Venezuelan Defenders Face Criminalisation

Marino Alvarado
This report is published within the joint project “Lupa por la Vida”, which monitors violations of the right to life at the national level, focused on extrajudicial executions by state security forces. Not only did it shed light on possible extrajudicial executions by state police officers in Carabobo, but it concluded Carabobo police forces has been the most lethal in 2021 in Venezuela.

The report and the public statements made by its spokespeople, Marino Alvarado and Alfredo Infante, specifically called for investigations into possible extrajudicial executions committed by the National Bolivarian Police (PNB), the Scientific, Penal and Criminal Investigations Unit (CICPC), and the state police forces of the states of Zulia and Carabobo. In light of the open investigation by the Office of the Prosecutor of the International Criminal Court into crimes against humanity in Venezuela, the human rights defenders stressed the importance of including chain of command responsibility in all criminal investigations.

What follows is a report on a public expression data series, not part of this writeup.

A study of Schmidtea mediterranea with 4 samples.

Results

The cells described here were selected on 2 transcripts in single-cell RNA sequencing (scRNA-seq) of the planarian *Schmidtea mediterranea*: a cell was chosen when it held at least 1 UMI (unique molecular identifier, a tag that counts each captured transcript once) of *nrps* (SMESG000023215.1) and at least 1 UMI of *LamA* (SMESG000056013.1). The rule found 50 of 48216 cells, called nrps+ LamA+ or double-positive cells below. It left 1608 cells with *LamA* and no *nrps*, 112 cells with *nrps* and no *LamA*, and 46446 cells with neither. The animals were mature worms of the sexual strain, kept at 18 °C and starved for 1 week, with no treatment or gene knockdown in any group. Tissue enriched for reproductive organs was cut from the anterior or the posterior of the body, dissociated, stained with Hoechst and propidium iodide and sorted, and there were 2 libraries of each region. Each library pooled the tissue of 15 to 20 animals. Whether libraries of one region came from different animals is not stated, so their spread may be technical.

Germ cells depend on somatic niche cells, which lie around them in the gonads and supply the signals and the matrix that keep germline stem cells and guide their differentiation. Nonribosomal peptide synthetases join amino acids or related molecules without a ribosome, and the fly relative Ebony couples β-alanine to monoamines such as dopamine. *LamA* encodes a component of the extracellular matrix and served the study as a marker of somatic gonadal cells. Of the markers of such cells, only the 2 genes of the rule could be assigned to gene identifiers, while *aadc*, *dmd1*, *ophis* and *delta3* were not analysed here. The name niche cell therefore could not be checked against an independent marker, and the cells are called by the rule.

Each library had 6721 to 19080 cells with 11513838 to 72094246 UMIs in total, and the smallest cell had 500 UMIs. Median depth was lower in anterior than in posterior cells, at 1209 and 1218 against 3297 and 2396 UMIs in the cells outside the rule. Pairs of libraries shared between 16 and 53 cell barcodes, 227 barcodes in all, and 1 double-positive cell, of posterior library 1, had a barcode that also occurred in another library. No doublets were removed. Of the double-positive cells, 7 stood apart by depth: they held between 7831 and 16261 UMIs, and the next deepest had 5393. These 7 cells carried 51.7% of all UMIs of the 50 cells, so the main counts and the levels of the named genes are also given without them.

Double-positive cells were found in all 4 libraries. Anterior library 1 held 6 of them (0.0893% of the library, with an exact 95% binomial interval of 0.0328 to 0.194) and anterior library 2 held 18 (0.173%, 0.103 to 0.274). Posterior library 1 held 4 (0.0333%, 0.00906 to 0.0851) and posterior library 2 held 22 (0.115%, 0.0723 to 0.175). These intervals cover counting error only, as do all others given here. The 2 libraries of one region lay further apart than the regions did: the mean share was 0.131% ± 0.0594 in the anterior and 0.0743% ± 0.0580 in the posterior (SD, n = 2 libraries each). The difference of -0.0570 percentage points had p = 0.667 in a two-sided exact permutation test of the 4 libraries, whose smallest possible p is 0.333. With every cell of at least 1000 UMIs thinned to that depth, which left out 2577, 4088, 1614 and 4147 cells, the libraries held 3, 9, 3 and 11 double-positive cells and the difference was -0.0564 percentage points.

Nicolás Maduro government has continually harassed, prosecuted and censored activists and civil society organizations working to protect the rights of Venezuelans amidst a humanitarian complex crisis and a deep human rights crisis that is has led over 6.1 million fleeing the country in search of safety and protect abroad. 

These attacks are not isolated. Since the beginning of 2021, civil society in Venezuela has reported a new crackdown against human rights activists and human rights defenders, focusing on criminalizing international cooperation and attempting to implement new repressive mechanisms over civil society in the country in 2021, and more recently in May 2022. Another Venezuelan human rights defender and prisoner of conscience, Javier Tarazona, director of NGO FundaREDES, remains arbitrarily detain and in critical need of medical attention.  

In 2020 and 2021, reports from the UN independent international fact-finding mission on Venezuela documented hundreds of cases of extrajudicial executions; enforced disappearances; arbitrary detentions; and torture and other cruel, inhuman or degrading treatment committed in the country since 2014, and concluded that these grave human rights violations may amount to crimes against humanity. They also documented how the Venezuelan justice system is utilised to carry out and mask these human rights violations, ensuring the impunity of perpetrators including the highest-raking authorities.